Wednesday, August 4, 2010

Watcha say Wednesday: How do you write?

Paris Nest Card by bellaseradesigns

While writing this, I’m sitting in the quaintest, little restaurant/coffee house. The music playing is from, I’m guessing, the thirties or forties—reminiscent of Judy Garland. The room is a calm hue of beiges and tiffany blue with simple feminine décor. The never-ending cup of gourmet coffee still too warm to drink, sitting on the table in front of me, the flavor of which they rotate daily.

I would live here if it was an option. Mmmm, maybe this is my heaven. But I’m only able to come here once every two months or so, when I finally break down and take a sanity personal day.

My normal writing location is anywhere/ anytime that I can find: my couch, a desk, my bed, my car (92.8% of the time when it is not moving. Don’t judge me.) I scribble down my first drafts in a notebook while listening to the gentle whispers of my muse. In fact, the only consistency in my writing is the notebook.

I hand-write my initial ramblings. I find it far less intimidating than the blinking cursor. In addition, when I type out what I’ve written—I’m able to revise slightly, playing with wording. I enjoy the game of guessing how many words I’ve written.

That’s me. But what about you? For today’s Whatcha Say Wednesday – tell me…

Do you hand write drafts, or do you type them? Do you have a set place you write, or anywhere you can? Do you need silence to conjure your muse, or do you need background noise? Do you revise as you go, or do you tackle that at another time, once the story is complete?

Answer what speaks to you, and ignore the rest. But do tell—I’m quite curious.

Monday, August 2, 2010

Choose Your Own Adventure

Sometimes writing can be a lot like reading a “choose your own adventure” book. Do you guys remember those? Do they even still exist?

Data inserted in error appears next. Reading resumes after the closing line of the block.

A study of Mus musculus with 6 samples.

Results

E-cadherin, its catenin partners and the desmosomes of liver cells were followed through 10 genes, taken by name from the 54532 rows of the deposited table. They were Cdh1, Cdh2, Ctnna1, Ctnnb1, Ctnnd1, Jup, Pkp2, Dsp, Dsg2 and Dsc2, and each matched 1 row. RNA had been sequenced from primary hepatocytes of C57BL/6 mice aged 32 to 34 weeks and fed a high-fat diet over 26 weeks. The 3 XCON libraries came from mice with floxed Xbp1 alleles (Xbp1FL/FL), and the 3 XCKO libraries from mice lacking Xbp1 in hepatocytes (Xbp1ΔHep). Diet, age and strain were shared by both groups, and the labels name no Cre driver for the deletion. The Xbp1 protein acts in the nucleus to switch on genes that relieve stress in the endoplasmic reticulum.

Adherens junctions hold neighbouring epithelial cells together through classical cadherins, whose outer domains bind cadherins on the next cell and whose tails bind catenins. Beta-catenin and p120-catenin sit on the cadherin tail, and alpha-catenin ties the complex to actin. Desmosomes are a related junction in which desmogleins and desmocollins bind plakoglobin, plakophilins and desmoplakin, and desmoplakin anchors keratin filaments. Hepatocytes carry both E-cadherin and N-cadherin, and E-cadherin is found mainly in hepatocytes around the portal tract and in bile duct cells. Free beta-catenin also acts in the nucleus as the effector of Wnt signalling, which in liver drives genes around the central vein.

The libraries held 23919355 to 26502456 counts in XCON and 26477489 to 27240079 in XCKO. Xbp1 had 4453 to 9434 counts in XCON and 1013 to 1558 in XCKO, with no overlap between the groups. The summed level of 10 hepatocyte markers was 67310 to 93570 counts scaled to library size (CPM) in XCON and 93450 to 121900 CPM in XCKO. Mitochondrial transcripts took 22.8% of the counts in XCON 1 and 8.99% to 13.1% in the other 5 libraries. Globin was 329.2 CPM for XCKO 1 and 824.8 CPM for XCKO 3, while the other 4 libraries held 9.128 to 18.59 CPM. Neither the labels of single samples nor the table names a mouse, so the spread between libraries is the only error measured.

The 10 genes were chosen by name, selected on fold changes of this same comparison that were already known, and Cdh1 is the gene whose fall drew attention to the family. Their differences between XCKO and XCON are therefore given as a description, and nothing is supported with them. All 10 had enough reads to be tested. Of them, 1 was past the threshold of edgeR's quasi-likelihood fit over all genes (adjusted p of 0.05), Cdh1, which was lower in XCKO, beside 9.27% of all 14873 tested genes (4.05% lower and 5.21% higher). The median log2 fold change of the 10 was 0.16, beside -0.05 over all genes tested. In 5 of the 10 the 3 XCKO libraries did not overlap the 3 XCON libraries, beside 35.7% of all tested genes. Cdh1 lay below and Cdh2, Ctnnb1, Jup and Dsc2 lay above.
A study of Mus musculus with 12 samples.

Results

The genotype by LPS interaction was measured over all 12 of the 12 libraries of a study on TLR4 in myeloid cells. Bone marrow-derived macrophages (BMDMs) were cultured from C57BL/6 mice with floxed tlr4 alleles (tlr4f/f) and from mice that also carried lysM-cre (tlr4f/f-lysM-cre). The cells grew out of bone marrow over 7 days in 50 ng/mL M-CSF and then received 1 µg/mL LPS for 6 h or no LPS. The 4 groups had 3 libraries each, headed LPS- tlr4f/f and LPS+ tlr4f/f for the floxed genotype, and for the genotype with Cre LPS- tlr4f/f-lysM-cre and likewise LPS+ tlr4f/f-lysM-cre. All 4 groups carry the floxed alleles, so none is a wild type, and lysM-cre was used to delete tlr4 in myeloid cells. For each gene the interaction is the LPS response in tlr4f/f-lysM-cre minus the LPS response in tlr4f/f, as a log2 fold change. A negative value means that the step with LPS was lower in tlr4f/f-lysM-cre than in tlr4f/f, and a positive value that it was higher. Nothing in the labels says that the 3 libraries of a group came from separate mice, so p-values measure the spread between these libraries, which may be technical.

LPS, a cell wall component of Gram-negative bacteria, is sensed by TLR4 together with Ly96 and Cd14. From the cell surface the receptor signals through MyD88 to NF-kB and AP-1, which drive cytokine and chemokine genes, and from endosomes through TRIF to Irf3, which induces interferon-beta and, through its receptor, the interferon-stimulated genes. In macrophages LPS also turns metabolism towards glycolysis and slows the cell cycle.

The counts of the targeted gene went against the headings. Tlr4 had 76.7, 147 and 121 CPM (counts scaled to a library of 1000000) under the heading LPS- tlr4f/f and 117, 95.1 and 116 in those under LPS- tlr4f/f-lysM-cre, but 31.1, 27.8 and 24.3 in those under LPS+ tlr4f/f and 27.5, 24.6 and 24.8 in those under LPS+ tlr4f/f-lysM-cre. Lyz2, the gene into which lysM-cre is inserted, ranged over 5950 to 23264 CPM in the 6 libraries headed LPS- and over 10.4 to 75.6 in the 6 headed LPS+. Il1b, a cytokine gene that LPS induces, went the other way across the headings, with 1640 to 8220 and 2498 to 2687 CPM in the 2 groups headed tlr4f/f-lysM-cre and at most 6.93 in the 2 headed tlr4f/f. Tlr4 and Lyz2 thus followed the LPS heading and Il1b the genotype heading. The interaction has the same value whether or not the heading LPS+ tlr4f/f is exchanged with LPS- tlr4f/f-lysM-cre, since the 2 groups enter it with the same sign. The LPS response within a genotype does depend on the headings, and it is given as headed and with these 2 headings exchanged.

When your character is faced with a decision, the choice that she makes will drive the direction of the book. But what happens when that choice leads you down a path that you didn’t really want to go or worse, much, much, worse, a brick wall.
Well, I’ll admit when I used to read those “choose your own adventure” books, I’d cheat. If I led the MC down a path that leads them to death—I would back up to the point of failure and go a different route.
I’m having a similar problem with the MC in my YA. Let’s face it, teenagers don’t always make the best decisions, and Poe is no exception. Of course, she needs to make poor choices along her road to growth or well, what’s the point of writing about it. But I am having to play around with the outcome.
Another area is a supporting character, Quinn. He has a bad boy streak, but deciding how much of a bad boy—that’s difficult. Is he playing her, or does he really care? His motives will drive the story and can determine how the whole book plays out.
So, I take a note from the “choose your own adventure” books. I take one path, write it, and then back up and choose another direction and write it that way. Now, I’m not writing full scenes, but I am plotting and planning. Exploring the cause and effect in an outline/free writing type fashion.
This little problem is new for me. With Iron Thirst, I knew how it would end, so it was much easier for me to get there. But with this novel, I have no idea how it will end. This is the most linear that I have ever written. But I’m working my way through it.
So, what are some tips you use when you hit a dead end? Do you know the ending of your book early in the process, or is it normally a surprise to you?